Three out of four Syrian criminals who were issued with deportation orders following the end of their custodial sentences in Sweden remain living in the country, with many receiving new residence permits, a report by the Swedish broadcaster SVT has revealed.
Despite pledges by the center-right government in Stockholm to ramp up the deportation of foreign criminals, those originating from Syria appear to be gaming the system to remain in the Scandinavian country.
A total of 73 Syrian nationals who are subject to deportation orders were released from Swedish prisons upon the conclusion of their custodial sentences by September 2023, yet 52 of these individuals remain in the country.
The Swedish newspaper reported that “several of these have committed new serious crimes even though they are not supposed to be in the country and four out of ten have received new residence permits.”
Public prosecutor Liselott Herschend said that orders to leave the country risk “becoming a verdict on paper.”
Sweden adopted one of the most liberal asylum policies in Europe a decade ago when it vowed to offer permanent residence to Syrian nationals fleeing the country’s civil war. This policy continued following the emergence of terrorist militia groups such as Islamic State.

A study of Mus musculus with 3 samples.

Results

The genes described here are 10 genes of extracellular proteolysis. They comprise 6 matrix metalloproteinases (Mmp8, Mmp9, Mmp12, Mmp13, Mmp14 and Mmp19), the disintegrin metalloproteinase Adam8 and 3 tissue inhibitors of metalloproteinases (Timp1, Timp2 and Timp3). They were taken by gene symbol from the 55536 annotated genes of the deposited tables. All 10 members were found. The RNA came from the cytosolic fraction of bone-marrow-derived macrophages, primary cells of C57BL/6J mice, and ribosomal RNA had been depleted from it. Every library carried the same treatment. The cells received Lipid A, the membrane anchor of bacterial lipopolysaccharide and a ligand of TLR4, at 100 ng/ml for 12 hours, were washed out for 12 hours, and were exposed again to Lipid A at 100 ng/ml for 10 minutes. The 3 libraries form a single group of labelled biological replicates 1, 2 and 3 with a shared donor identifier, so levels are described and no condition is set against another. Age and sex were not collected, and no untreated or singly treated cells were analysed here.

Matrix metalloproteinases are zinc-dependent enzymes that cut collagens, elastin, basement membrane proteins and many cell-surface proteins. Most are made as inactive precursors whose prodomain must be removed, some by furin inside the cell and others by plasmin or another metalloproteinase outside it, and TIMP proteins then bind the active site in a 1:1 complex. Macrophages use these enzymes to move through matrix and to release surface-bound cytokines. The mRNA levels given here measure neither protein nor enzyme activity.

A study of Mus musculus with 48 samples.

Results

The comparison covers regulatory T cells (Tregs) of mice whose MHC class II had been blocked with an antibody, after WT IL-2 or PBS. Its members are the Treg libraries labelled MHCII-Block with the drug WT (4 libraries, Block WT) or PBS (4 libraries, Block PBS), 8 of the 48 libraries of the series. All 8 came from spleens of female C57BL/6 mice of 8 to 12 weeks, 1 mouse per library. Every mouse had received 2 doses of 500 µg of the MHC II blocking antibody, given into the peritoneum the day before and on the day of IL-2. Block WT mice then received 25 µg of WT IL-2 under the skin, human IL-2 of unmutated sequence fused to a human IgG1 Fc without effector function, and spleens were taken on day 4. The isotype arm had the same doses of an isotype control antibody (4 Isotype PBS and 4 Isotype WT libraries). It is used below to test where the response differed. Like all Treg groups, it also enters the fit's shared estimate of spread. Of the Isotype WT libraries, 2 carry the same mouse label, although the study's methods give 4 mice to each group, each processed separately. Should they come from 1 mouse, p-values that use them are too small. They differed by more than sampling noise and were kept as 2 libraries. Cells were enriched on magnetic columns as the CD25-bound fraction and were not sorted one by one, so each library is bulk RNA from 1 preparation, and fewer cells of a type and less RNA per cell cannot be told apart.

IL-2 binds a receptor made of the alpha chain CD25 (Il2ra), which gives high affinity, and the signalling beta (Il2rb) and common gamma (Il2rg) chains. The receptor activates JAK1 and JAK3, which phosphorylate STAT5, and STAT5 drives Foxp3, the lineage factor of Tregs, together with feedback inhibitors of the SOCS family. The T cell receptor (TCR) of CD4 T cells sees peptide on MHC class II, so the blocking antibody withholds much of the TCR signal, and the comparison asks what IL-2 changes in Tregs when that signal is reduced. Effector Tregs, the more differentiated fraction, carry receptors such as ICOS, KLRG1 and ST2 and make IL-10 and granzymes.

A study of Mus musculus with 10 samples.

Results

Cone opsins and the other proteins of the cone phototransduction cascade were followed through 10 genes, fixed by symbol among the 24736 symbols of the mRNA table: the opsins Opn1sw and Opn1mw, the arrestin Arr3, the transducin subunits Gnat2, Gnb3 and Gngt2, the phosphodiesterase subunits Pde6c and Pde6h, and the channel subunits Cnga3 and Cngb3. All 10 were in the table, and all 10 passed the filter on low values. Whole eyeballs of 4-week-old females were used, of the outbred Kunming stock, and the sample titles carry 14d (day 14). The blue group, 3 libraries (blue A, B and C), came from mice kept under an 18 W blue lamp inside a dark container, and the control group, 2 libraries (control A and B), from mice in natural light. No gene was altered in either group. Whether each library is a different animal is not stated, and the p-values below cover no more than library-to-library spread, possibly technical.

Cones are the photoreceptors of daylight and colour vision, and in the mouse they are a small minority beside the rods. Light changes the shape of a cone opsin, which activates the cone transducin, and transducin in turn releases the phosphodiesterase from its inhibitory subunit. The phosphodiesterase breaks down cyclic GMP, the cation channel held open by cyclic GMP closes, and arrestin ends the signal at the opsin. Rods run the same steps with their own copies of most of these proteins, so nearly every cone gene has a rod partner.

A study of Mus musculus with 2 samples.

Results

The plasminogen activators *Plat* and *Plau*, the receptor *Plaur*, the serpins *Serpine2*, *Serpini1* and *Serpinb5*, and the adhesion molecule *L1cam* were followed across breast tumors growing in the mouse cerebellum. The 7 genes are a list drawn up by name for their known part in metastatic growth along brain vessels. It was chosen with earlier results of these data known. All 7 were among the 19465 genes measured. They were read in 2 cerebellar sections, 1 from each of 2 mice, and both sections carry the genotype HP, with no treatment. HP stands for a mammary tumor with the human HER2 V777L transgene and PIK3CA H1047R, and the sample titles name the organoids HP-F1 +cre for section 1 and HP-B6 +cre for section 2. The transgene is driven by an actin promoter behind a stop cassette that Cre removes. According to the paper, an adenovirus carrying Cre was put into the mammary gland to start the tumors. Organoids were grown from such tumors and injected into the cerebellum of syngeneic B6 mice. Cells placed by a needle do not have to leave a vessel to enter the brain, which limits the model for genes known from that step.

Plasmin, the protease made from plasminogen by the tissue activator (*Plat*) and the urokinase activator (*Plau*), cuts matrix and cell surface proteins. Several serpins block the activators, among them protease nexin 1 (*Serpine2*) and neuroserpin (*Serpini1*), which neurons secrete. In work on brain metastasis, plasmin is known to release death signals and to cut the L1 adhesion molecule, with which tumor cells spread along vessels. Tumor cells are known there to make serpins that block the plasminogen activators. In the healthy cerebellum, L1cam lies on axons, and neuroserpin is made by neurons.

Last year, a Swedish court upheld the conclusion of the country’s migration agency that large swathes of Syria, including the capital Damascus, are now considered “safe” territories for the purpose of deportation orders.
The leader of the Sweden Democrats, @JimmieAkesson, recently published a video, translated into Arabic using AI, with his message to all newcomers to Sweden who refuse to adapt to Swedish customs. pic.twitter.com/7u2mX9Vx7x— Remix News & Views (@RMXnews) November 8, 2023
Several instances of Syrian criminals avoiding deportation orders altogether following heinous offenses have caused outrage among the Swedish population in recent years.
In October 2020, three Syrian nationals who beat and abused a gay couple holding hands at Gothenburg Central Station were convicted but not ordered to be removed from the country after serving their sentences.
That same month, a Syrian man managed to avoid deportation and jail time after being convicted by a Swedish court of raping a 12-year-old girl inside a public toilet in the city of Borås.
The electoral victory of the center-right last year, propped up by the right-wing populist Sweden Democrats, signaled a change in approach, which, based on the figures above, has so far failed to materialize.